Amanda Mellet took a case after she travelled to the UK for an abortion after her baby was diagnosed with a fatal foetal abnormality
The lawyer representing a woman who took a case to the United Nations over Ireland's abortion laws, says the case will only be settled when the Irish government undertakes the necessary reforms.
Amanda Mellet took a case to the UN's Human Rights Committee, after she travelled to the UK for an abortion after her baby was diagnosed with a fatal foetal abnormality in 2011.
In June of this year, the committee found that Ms Mellet suffered discrimination and anguish over the fact that she had no other option than to travel to the UK for a termination.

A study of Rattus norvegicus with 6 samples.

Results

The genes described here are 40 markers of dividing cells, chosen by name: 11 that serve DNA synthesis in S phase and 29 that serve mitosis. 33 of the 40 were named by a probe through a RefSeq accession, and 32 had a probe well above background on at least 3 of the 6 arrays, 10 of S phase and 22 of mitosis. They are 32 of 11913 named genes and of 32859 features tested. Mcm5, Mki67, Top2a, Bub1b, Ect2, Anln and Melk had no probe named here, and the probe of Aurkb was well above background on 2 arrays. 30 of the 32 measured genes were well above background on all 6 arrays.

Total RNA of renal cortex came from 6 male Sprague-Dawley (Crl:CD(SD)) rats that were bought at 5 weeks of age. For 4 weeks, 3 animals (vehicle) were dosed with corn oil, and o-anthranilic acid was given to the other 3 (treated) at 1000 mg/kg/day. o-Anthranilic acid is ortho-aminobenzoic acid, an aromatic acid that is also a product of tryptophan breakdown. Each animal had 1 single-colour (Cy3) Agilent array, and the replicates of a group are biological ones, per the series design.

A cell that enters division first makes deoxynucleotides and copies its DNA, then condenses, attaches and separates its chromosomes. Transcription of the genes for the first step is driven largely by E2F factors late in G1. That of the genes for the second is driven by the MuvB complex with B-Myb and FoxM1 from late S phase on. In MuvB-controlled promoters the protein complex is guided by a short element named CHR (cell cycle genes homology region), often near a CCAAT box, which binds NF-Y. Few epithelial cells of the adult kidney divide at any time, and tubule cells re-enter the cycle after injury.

The Citizens' Assembly is due to meet next month to discuss the prospect of a referendum to change the laws on abortion.
Ms Mellet's lawyer Leah Hoctor, who's the Regional Director for Europe at the Center for Reproductive Rights, says although the Irish Government has acknowledged the UN's ruling it hasn't yet taken the necessary steps to comply with the recommendations.
"The Committee held that Ireland is obliged under international law to make full reparations to Amanda for the violations she suffered," she said. "This means that it must remedy those violations, it must pay compensation ... And it must undertake law reform measures to ensure non-repetition of the violations Amanda endured."
Minister for Social Protection Leo Varadkar defended the work of the Citizen's Assembly, following the government's Dáil vote win to stop an opposition bill which would have led to a referendum on the 8th amendment.
TDs voted 96 to 47 in favour of the so-called "reasoned amendment" which stopped a vote on the bill itself.
Fianna Fáil offered its 43 TDs a free vote, but only five of its deputies wanted the bill to proceed.